Got this iris as seed from DBG ages ago. It was labeled as Iris lactea. Iris aficionados apparently look down on this species, even calling it a “cheap weed”. The flowers smell like lighter fluid, which is an added attraction.
Being used to having a garden filled with cheap weeds, it didn’t bother me, until a few years later I obtained seed, “ex Beijing Botanical Garden”, labeled as Iris songarica var. bicolor, which I germinated and when they flowered turned out to be the same cheap weed.
Botanic gardens have been known to be mistaken, so I asked an iris person about this, and was told that Iris songarica was a really rare plant in cultivation and I couldn’t possibly have it in my garden. It seeds around rather exuberantly, which is unusual for a plant that’s rare in cultivation.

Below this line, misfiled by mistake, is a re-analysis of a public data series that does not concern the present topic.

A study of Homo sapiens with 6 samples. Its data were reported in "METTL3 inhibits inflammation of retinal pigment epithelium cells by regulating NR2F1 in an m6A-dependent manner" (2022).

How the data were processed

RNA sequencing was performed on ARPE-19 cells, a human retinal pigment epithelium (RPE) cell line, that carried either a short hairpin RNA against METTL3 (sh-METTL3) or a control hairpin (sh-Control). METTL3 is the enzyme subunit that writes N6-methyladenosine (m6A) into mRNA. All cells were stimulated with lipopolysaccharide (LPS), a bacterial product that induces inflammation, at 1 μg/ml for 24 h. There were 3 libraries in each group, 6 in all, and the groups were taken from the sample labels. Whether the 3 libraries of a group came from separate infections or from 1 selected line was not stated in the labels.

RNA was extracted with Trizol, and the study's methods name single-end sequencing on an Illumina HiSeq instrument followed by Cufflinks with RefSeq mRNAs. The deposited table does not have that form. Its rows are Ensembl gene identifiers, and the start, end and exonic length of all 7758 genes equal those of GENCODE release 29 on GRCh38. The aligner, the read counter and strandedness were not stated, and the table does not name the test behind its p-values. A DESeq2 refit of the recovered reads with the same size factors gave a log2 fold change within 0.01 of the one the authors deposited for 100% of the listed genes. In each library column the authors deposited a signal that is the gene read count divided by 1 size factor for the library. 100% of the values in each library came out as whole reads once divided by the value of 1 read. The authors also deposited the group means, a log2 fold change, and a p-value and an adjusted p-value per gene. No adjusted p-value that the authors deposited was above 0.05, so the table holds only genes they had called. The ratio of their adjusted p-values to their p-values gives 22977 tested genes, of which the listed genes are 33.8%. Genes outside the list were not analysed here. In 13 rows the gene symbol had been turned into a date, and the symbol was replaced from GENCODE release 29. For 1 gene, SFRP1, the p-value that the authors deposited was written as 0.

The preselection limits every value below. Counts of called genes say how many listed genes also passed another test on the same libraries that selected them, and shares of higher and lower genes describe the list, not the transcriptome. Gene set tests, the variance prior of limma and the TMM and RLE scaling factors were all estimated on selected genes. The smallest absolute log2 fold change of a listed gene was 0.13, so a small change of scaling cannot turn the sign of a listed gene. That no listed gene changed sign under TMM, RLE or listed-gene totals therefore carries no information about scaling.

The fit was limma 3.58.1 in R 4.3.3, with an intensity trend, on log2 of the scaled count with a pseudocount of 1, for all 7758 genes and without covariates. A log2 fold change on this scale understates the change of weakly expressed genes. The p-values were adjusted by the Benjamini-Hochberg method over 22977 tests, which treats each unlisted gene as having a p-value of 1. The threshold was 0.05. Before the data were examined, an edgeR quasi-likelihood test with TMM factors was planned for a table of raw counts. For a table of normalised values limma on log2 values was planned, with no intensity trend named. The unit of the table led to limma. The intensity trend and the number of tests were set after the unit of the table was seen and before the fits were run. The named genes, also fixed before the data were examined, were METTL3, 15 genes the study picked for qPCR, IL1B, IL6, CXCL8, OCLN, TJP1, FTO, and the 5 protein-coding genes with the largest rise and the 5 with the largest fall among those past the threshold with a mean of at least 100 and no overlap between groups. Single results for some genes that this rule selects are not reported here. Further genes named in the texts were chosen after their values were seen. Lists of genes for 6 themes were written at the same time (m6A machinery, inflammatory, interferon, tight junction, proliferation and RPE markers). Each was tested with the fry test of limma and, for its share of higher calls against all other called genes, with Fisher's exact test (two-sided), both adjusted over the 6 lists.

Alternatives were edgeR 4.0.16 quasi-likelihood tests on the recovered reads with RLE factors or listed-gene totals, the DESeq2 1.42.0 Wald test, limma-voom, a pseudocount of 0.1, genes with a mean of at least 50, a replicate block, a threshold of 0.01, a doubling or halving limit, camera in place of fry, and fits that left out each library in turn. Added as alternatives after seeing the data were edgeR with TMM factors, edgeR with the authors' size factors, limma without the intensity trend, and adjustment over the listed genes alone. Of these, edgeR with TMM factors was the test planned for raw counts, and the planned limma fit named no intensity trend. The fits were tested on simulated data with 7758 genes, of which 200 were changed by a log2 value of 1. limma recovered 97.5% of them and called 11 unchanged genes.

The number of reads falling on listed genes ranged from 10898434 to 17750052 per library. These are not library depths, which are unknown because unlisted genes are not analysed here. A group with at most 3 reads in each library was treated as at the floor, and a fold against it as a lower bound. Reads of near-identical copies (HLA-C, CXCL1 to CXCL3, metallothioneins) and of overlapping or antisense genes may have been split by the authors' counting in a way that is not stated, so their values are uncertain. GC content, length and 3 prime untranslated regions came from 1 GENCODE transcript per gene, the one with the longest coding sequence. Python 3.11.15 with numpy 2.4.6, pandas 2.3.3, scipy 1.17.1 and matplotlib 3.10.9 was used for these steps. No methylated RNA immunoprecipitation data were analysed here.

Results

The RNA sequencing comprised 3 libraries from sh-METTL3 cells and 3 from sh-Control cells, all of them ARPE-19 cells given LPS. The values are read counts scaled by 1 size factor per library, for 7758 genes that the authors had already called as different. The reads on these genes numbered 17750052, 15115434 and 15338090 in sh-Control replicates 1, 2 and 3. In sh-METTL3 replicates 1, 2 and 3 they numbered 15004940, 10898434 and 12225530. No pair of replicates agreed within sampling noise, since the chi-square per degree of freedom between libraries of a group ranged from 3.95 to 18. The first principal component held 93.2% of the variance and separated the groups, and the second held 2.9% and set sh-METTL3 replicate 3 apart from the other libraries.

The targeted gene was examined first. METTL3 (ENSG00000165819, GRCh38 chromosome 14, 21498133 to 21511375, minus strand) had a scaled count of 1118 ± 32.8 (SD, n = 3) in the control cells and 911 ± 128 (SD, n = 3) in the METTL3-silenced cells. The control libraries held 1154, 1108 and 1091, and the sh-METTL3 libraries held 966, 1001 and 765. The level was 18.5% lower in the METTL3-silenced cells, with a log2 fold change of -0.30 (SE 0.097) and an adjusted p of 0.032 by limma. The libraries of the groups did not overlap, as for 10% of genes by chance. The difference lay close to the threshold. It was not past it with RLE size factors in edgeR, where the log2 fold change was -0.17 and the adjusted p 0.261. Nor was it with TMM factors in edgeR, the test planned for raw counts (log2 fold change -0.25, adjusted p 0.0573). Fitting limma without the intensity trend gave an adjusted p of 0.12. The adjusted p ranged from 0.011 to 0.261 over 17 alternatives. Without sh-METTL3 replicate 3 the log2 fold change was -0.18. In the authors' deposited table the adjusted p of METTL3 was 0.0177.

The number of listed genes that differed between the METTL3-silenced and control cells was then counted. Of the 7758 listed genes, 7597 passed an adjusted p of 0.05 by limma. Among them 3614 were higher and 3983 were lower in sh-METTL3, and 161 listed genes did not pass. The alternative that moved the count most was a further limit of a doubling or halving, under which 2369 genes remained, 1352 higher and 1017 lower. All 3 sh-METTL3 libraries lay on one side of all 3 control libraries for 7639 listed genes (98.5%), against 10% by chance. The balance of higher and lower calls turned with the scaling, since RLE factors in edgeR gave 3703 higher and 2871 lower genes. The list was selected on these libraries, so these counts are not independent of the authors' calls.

According to Brian Mathew, in The Iris, “a distinctive feature” of species in Subgenus Limniris, Section Limniris, Series Tenuifoliae “is the way in which the bases and fibres of the old leaves persist as a neck at the apex of the rhizomes”. Check. Iris loczyi, which I have in the garden from wild-collected seed, is in the same series and has the same feature.
In Iris lactea, same section but series Ensatae, the flowers are described as “fragrant”, a word which always connotes a pleasant smell (I suppose some people could find the smell of lighter fluid pleasant), and the essential distinction in the series is “the long narrow beaked ovary which is separated from the perianth segments by a tube only 2-3mm long, so that the falls and standards appear almost free from each other.” Not in my iris.
So I’ll go out on a limb, or maybe just a fall, and suggest that this is, in fact, Iris songarica. I’m inured to the fact that the universe is not particularly interested in my various plights, complaints, quandaries, puzzles, and so on, but if anyone wants to make a trek out to Central Asia (where I. songarica is common), I’ll spring for rental fees for the yaks.